July 12 (Bloomberg) -- Chelsea captain John Terry will find out tomorrow if he’s guilty of racially abusing a rival player in a Premier League soccer game.
Chief Magistrate Howard Riddle said he’ll render a judgment tomorrow after defense and prosecution lawyers deliver closing statements on the fourth day of a trial in London.
Terry, 31, is accused of calling Queens Park Rangers defender Anton Ferdinand a “f---ing black c---” during the closing stages of a game at Loftus Road stadium on Oct. 23.
Terry denies the allegation, saying he repeated words he thought Ferdinand, 27, had directed at him. Prosecutors say Terry concocted the defense with teammate Ashley Cole after the game to save his reputation. Cole isn’t accused of wrongdoing.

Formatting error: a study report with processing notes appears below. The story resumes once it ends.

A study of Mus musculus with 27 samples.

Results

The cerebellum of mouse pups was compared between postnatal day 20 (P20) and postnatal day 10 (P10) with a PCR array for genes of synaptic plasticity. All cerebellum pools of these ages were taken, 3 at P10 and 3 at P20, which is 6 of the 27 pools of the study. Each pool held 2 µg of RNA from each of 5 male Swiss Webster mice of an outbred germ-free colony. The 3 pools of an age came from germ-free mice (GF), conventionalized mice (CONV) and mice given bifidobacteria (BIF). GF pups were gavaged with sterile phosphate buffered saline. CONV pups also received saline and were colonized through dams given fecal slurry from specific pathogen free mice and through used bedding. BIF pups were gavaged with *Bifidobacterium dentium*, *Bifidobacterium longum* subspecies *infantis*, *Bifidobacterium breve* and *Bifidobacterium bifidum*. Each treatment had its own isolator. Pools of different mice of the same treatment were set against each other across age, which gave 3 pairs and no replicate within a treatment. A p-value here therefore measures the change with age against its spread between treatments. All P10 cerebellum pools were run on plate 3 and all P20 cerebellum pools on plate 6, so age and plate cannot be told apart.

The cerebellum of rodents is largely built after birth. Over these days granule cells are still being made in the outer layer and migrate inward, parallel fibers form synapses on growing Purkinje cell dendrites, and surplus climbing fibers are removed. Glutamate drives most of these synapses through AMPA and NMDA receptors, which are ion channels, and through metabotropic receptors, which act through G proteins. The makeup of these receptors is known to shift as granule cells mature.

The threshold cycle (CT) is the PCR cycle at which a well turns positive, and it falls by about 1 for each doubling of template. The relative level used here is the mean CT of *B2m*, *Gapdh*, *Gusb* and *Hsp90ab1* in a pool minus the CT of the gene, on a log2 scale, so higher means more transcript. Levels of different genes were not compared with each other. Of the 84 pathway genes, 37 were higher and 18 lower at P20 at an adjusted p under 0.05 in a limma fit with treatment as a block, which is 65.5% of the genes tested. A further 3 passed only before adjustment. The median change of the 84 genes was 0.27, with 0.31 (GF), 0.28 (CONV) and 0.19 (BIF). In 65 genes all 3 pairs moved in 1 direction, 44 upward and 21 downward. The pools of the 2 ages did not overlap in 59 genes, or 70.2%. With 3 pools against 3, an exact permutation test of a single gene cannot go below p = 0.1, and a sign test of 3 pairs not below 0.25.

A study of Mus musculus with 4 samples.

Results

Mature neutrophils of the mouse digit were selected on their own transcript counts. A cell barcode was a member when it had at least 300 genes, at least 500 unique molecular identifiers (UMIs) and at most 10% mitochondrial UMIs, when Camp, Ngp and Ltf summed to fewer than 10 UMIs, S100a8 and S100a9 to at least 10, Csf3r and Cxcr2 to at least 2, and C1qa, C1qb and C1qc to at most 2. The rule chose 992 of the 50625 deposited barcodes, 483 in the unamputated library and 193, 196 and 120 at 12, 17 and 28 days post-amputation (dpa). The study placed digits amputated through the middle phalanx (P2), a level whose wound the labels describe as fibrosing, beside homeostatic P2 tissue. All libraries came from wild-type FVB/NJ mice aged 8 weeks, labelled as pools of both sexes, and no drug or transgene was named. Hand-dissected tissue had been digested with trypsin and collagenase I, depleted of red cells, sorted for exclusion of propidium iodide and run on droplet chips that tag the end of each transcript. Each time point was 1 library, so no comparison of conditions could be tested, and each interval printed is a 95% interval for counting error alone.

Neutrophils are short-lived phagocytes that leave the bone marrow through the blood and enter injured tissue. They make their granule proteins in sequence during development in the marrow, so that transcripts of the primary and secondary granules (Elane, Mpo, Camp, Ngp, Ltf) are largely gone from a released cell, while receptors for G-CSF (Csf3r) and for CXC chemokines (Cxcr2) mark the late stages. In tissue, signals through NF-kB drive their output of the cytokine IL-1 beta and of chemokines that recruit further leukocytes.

The England national team player, who is among the most recognizable in soccer’s richest league, is fighting a charge of a racially-aggravated public order offense for using threatening, abusive or insulting words or behavior.
Terry was stripped of the England captaincy in February after Riddle delayed the trial at Chelsea’s request. Fabio Capello quit as the national team’s manager in February after the Football Association stripped Terry of the job.
If convicted, Terry could be fined as much as 2,500 pounds ($3,900) and may face further sanctions from English soccer’s governing body. Liverpool striker Luis Suarez received an eight-game ban after being found guilty by a soccer tribunal of making racist remarks to Manchester United’s Patrice Evra.